ISRAEL - Names in Book of Jeremiah Confirmed

Arno Froese

A comparison between the names mentioned in the biblical book of Jeremiah and those appearing on archaeological artifacts from the period when the prophet is believed to have lived—around the sixth to seventh centuries BCE—offers support to its historicity, said Mitka R. Golub, a research fellow at the Hebrew University of Jerusalem.

Over the decades, uncovering ancient inscriptions featuring names appearing in the Bible has been considered by scholars an important tool to shed light on the historicity of its narratives.  

In the past few years, Golub has broadened the concept of what names can teach researchers by focusing her analysis not on specific ones, but on their general characteristics and trends.

“Archaeology is my second career,” Golub told The Jerusalem Post. “I previously studied and worked as a computer scientist. When I decided to devote myself to archaeology, I thought that I could bring my knowledge of statistics to apply quantitative and statistical methods to analyze the data.”

The researcher explained that she decided to focus on names.

“We have found evidence of many names dating back to the First Temple Period, also known as Iron Age II, and they provide us with a lot of data,” she said. “My approach was not simply to highlight that a specific name on an artifact that was also mentioned in the Bible, but to look into the knowledge offered by a collection of names.”

As pointed out by the scholar, the findings suggest that the group of names mentioned in the book have the same characteristics of what has emerged in archaeological excavations.

“The Bible is offering us a story about one group of people, living under what scholars have called the United Monarchy of David and Solomon, who then split into two kingdoms,” she told the Post. “Analyzing names can be a tool to explore the question of to what extent this narrative is accurate.”

In the meantime, new questions and answers on how the names of those who lived thousands of years ago can help shed light on the connection between archaeology and the Bible continue to emerge.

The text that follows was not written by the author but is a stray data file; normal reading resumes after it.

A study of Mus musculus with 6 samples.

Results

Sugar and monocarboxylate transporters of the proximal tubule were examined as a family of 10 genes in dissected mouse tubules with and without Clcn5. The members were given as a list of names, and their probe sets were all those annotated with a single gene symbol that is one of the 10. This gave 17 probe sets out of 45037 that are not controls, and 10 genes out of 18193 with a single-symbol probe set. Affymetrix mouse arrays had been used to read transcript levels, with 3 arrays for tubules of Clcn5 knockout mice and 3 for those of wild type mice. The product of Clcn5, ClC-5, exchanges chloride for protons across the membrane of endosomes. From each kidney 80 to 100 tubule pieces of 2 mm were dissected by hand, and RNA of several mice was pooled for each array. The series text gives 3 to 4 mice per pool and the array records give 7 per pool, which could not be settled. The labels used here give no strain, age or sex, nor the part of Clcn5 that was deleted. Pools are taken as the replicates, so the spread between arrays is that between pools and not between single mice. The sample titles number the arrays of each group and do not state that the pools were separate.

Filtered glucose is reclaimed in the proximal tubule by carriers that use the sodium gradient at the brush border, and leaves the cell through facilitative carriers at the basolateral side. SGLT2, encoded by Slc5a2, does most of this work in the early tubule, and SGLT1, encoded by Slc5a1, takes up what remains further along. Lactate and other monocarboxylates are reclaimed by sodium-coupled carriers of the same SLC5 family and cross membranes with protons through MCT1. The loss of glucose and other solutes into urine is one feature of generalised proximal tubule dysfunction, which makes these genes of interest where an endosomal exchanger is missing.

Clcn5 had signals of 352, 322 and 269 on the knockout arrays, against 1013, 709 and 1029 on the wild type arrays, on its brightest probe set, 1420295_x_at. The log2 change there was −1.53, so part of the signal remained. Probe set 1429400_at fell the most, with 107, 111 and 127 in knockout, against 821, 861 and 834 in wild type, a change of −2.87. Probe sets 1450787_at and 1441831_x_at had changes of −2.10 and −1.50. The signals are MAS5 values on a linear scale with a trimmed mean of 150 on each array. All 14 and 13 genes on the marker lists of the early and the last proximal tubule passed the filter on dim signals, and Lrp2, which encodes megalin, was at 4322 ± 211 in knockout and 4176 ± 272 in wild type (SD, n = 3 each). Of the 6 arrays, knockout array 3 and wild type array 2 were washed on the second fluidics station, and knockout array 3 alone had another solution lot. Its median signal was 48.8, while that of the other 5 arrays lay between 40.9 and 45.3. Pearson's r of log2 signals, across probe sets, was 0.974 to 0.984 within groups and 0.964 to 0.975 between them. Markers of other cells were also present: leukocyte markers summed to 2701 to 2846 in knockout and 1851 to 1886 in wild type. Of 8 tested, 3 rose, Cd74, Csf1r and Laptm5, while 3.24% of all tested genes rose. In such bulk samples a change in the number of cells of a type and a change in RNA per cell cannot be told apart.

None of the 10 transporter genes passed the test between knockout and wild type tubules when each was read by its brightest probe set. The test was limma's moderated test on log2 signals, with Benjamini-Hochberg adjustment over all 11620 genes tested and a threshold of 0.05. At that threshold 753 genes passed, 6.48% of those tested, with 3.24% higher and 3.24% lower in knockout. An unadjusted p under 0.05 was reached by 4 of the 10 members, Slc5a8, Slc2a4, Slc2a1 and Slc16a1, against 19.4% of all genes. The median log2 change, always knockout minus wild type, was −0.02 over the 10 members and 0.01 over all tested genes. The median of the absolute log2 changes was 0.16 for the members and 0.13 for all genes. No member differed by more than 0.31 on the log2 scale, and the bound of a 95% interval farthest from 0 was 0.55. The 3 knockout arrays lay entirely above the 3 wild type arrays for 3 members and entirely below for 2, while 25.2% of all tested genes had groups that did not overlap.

-www.jpost.com, 15 June 2020

Arno's commentary

Actually, the title should not read, “Names in Book of Jeremiah Confirmed,” which indicates the Bible being confirmed by archaeology, but the opposite is true; the names are clearly written in Scripture. Much of history is found in the books of Moses and the prophets. It includes places and times. We know that a dual kingdom came into existence in about 930 BC under Jeroboam I, and ended about 722 BC, when the Assyrians took dominion of the 10-tribe Israel.

For Israel-Judah, Nebuchadnezzar II, king of Babylon, conquered Jerusalem around 597 BC.

Important to emphasize is Israel’s future. “…Cry thou, saying, Thus saith the Lord of hosts; I am jealous for Jerusalem and for Zion with a great jealousy. And I am very sore displeased with the heathen that are at ease: for I was but a little displeased, and they helped forward the affliction” (Zechariah 1:14-15).

Arno Froese is the executive director of Midnight Call Ministries and editor-in-chief of the acclaimed prophetic magazines Midnight Call and News From Israel. He has authored a number of well-received books, and has sponsored many prophecy conferences in the U.S., Canada, and Israel. His extensive travels have contributed to his keen insight into Bible prophecy, as he sees it from an international perspective.